Last year the NZOSS filed a opposition to a XML Word Processing patent filed by Microsoft. Yesterday a resolution to the opposition was achieved when the NZOSS Council decided that all our objectives had been achieved, and that the NZOSS would not be following through to a hearing.
Microsoft in their counter statement had unconditionally amended the patent in a way that avoided issues surrounding prior use and prior publication. Abiword was the primary evidence stated in the NZOSS statement of case as prior use, and it was on this basis that the NZOSS claimed that the patent was invalid. The amended patent was substantially modified, including only seven claims rather than the original number of more than twenty. The amended claims were also more specific, and would no longer create issues for software developers who wished to interoperate with Microsoft XML file formats.
The NZOSS patents project begun at the 2004 AGM, where it was decided that the NZOSS patent team would examine patents for one to oppose, and take action to oppose it if appropriate. The parameters for the decision related to whether prior art existed for the patent in question, and whether the patent threatened software innovation or discouraged competition. The Microsoft XML Word Processing patent matched both of those criterion.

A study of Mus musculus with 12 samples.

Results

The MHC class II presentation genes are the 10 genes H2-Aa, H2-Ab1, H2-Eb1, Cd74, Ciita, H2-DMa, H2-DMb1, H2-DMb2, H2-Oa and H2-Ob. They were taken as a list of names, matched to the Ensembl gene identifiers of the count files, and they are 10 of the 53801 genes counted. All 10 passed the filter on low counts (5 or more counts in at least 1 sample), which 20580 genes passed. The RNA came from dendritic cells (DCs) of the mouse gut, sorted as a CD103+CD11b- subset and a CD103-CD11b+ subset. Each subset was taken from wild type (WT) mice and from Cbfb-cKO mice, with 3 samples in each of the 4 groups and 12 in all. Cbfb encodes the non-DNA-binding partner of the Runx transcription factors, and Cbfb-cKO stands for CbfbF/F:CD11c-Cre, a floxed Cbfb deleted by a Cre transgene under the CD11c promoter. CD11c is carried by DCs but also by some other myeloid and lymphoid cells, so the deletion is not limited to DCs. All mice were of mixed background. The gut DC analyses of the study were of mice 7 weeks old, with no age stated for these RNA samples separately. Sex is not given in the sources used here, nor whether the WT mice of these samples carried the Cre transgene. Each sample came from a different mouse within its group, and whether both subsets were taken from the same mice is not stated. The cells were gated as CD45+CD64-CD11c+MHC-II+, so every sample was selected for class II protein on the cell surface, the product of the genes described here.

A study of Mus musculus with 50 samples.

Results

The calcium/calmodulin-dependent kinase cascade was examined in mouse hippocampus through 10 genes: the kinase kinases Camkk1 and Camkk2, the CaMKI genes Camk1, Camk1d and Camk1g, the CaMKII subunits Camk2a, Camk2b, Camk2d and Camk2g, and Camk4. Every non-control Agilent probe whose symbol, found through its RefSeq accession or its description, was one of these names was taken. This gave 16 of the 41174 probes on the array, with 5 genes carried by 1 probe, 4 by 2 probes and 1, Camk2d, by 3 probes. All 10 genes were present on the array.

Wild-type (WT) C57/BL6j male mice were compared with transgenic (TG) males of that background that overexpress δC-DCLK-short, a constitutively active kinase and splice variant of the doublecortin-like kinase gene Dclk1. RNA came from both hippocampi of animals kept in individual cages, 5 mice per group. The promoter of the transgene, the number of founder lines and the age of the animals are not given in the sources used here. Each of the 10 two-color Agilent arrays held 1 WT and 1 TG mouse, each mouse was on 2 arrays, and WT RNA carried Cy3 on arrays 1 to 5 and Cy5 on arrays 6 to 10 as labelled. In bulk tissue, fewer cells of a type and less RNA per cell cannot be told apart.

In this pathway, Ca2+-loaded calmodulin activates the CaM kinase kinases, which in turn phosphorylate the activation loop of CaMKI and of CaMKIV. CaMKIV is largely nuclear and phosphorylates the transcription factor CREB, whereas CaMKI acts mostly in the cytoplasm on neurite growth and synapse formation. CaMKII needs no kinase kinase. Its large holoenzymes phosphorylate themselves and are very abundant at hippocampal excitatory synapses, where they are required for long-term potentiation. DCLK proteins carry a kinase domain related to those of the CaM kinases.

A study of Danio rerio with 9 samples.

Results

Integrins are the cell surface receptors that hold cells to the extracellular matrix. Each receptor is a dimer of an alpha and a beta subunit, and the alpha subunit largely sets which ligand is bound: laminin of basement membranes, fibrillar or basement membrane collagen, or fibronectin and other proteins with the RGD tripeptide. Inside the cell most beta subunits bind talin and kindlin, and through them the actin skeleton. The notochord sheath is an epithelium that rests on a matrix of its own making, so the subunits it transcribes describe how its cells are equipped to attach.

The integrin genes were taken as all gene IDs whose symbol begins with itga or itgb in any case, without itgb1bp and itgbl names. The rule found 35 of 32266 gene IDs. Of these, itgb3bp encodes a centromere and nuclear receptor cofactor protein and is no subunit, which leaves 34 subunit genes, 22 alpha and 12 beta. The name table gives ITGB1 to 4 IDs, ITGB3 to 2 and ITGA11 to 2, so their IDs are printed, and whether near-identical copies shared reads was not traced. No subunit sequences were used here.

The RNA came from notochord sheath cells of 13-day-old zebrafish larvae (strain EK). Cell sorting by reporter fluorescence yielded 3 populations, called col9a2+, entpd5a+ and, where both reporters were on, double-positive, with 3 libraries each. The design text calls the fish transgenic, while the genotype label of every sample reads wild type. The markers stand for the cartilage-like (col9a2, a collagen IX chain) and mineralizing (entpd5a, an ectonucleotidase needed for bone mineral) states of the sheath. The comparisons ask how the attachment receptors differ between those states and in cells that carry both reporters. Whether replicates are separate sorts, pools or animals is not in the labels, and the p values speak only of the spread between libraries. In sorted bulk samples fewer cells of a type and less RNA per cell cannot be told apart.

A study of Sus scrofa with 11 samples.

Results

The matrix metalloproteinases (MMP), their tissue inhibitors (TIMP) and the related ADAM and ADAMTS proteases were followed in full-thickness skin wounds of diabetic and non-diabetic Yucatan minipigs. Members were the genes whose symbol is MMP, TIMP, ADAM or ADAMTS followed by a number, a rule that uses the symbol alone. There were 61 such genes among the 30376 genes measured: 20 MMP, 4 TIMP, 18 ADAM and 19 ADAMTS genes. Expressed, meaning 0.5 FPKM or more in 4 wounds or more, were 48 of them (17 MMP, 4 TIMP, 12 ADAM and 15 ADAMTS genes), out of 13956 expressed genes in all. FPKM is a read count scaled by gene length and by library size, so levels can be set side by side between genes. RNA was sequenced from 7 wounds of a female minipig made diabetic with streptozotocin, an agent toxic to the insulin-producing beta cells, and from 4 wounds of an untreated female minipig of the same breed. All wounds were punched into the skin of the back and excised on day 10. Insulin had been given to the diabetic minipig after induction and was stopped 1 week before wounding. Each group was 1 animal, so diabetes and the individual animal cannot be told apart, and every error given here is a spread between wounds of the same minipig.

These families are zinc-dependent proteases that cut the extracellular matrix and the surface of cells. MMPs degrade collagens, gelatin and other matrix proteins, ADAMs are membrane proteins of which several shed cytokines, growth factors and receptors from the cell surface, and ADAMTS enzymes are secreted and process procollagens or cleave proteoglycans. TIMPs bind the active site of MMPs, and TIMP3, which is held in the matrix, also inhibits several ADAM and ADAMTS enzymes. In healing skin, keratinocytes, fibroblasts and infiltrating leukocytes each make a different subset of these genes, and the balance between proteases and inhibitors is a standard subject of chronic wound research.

The patent itself was overty broad and obvious, simply claiming that using XSD to validate a XML word processing document was enough to infringe. Potentially there were tens if not hundreds of examples of prior use around the world. XML itself was design for exactly the purpose described in the patent, along with XSD validation schemas. A stronger case against the patent was in the form of Abiword, which first used XML to store word processing documents in 1998. Abiword stored word processing files as uncompressed XML.
It was long after putting together the research for the statement of case that the NZOSS patent team discovered the US rejection of the very same patent. This rejection cited many of the same prior use evidence, including Abiword. Once there was a clear idea of the evidence permission was granted by the NZOSS Council to proceed. David Marriott from James and Wells was then hired as the lawyer to handle the opposition.
During the process of filing a notice of opposition and statement of case the NZOSS patent team gained important information about how to proceed in an opposition. A J Park, Microsoft's legal council responded to our opposition by amending the patent, but denying many of the points in our statement of case. However, the amendments were significant. In effect the changes had eliminated any ability for Microsoft to use the patent to protect their file formats in future, at least by using this patent. In effect the NZOSS had achieved what it had set out to do; protect freedom of choice, and encourage open competition. Consequently the NZOSS Council resolved to terminate the opposition.